Friday, March 31, 2023

Movie Review: “M3GAN” is a clever synthesis of our worst fears

MosaicPop Culture and EntertainmentMovie Review: “M3GAN” is a clever synthesis of our worst fears

Staff Writer

I’ve never been an avid horror movie-watcher, but after viewing a trailer wherein a lifelike doll does a choreographed dance and proceeds to snatch the blade from a paper cutter for use as a weapon, I suddenly found the recently released “M3GAN” oddly intriguing. And post-viewing, the film has given me plenty of food for thought about some of society’s worst nightmares.

When Gemma (Allison Williams) comes into guardianship of her niece, Cady (Violet McGraw), following Cady’s parents’ tragic deaths, the robotic toy-designing aunt is unprepared. She barely mourns her relatives’ death, instead focusing on the demands of her boss, David (Ronny Chieng), to further innovate her company’s latest toy. Gemma initially resorts to unlimited screen time to take care of Cady. She soon introduces Cady to her mechanic magnum opus, M3GAN (played by Amie Donald and voiced by Jenna Davis), and a strong emotional attachment between girl and girl-like robot forms. Both the bond and M3GAN’s capabilities are strong enough that Gemma’s company wants to unveil this toy to replace all toys on the market.

The sugary-voiced M3GAN truly does it all. She compliments your outfit! She draws your portrait! She tells you fun facts! She annihilates any perceived threat to your safety!

As the film progresses, M3GAN takes her command to protect a still-grieving Cady a little too seriously, transforming into less of a friendly Baymax and more into something along the lines of the Terminator’s wide-eyed, vengeful niece. All the while, her artificial intelligence — and violent cunning — only grows stronger.

As someone whose childhood eyes were perpetually bombarded with neon-laden, unnaturally lit commercials for gadgets like Fijit Friends, FurReal Friends and other robotic devices probably intended to replace living friends — the same type of commercials and toys the film openly parodies — I walked away from “M3GAN” especially impressed with its biting commentary on the toy industry. Indeed, even to Gemma, the toys of the past (and their original packaging) are collector’s objects that belong anywhere but within a child’s reach, and she sets her sights on creating something intended to eliminate the need for any other toy with ultimately disastrous consequences.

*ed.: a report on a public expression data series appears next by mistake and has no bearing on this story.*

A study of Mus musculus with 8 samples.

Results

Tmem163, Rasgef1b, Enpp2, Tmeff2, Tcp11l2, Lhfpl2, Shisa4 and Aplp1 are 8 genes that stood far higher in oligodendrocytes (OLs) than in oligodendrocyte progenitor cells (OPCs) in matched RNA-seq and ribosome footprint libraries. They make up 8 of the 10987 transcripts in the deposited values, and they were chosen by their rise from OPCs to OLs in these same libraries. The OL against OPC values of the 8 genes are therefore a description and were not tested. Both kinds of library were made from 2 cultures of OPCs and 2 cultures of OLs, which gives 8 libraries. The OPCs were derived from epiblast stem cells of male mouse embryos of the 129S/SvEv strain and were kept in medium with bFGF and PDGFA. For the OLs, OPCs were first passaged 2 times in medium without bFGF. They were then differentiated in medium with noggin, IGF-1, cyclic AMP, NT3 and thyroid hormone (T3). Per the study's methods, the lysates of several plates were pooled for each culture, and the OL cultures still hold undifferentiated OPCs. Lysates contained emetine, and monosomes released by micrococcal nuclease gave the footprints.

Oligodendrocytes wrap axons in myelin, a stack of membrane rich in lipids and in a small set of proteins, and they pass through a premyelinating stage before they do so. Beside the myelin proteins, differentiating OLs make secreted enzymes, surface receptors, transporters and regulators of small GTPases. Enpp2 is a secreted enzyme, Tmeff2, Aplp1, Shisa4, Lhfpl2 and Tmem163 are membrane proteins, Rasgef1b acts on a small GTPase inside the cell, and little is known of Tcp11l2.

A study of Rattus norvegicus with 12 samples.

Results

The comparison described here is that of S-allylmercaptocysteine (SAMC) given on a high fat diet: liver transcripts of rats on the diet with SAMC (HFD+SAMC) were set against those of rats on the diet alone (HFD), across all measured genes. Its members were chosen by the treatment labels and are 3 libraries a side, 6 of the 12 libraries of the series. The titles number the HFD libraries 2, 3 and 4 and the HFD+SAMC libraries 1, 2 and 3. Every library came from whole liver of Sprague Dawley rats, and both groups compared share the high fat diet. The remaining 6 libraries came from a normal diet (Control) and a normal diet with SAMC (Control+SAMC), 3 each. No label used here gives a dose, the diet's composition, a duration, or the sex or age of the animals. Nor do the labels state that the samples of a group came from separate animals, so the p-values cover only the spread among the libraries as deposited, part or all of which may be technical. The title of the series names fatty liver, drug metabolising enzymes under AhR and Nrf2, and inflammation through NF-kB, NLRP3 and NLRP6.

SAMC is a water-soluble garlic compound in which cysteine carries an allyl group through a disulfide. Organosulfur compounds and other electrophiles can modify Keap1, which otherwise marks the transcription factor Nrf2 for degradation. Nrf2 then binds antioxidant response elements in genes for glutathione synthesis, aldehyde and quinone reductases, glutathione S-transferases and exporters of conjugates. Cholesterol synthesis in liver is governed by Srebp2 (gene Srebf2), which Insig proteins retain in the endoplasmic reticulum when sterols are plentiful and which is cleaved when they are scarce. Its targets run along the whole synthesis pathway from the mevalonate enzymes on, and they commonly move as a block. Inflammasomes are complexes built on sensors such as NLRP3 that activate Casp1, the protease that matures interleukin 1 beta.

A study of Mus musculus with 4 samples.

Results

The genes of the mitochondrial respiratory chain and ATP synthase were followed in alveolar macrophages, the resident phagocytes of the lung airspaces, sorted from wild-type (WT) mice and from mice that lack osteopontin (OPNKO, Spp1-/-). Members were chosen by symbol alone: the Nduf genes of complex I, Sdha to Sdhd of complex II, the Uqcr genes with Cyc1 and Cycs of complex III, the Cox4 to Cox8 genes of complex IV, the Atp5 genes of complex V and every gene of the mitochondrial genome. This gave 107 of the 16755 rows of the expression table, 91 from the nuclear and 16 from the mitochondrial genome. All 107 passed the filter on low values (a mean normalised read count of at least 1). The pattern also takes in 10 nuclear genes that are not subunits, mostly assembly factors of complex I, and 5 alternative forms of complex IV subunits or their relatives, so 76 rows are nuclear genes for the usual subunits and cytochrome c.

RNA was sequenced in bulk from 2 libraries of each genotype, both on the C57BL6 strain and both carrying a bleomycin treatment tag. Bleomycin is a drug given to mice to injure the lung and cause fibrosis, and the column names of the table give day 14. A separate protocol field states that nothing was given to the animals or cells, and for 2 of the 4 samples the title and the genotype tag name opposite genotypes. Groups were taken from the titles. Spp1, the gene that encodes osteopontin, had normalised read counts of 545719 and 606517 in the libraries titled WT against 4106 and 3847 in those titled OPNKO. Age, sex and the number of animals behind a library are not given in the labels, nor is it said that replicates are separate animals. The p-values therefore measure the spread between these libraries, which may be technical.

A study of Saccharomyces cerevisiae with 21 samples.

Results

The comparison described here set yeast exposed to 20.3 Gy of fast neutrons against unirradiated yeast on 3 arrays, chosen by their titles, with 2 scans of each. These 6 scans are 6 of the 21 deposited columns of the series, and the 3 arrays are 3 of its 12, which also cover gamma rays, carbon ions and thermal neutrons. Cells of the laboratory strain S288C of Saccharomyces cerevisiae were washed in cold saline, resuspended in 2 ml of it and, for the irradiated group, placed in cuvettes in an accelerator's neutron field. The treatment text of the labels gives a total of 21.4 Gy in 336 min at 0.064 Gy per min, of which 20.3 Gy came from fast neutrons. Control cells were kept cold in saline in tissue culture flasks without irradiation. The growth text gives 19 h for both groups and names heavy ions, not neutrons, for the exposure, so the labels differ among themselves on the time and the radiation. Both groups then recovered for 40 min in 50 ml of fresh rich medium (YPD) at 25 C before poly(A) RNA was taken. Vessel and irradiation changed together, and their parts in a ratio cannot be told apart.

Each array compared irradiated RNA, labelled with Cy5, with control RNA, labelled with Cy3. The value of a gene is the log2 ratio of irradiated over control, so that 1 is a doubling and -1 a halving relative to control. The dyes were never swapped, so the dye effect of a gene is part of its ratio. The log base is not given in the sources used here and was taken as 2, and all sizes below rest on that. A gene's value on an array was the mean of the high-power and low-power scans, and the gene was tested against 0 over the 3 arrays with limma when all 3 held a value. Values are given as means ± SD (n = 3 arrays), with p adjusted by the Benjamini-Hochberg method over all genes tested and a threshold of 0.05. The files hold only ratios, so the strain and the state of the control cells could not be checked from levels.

Despite this focus on toys, the film targets more than just fun and games. “M3GAN” addresses the pervasive, sector-spanning desire to constantly innovate products and outpace any and all competitors in the process. It likewise brings the intersection of screen time and parenting into the conversation, criticizing the use of gadgets as pacifiers and highlighting the potential harms of the deep emotional attachments we can form with animated — but ultimately non-living — things.

The whole concept of “M3GAN” is especially interesting to me because it’s fundamentally about a doll, one of the most feared horror movie subjects known to cinema-goers, but I think that “M3GAN” is ushering in something that goes beyond possession of an otherwise lifeless plaything. M3GAN is self-aware. She is self-improving. She is designed to be the perfect companion and will do anything —  anything — for you, executing such actions based on her own decision-making capabilities instead of another evil third party’s. It’s one of our most entrenched fears with a 21st century twist: the corruption of something meant to comfort us, with said corruption facilitated by human-designed technology.

Admittedly, while the plot of “M3GAN” effectively illustrates the havoc from a machine taking what it’s programmed to do way too far, the film itself was not spared from moments I found more ridiculous than spine-tingling and where I really wasn’t sure whether I should be laughing or shuddering (at one point, M3GAN sings “Titanium,” and then there’s that dance I mentioned). There’s also lengthy scenes in the film that make no secret that some sort of jump scare will – or, much to the audience’s aggravation, won’t – happen.

Though just falling short of an explicit cautionary tale with its simultaneous acknowledgement that robotic technology can be used for good or, at the very least, lead a harmless existence, this disturbing film takes a variety of (frankly valid) worries our particular generation grapples with and makes them novel, with the addition of one of the most timelessly terrifying things of all: dolls.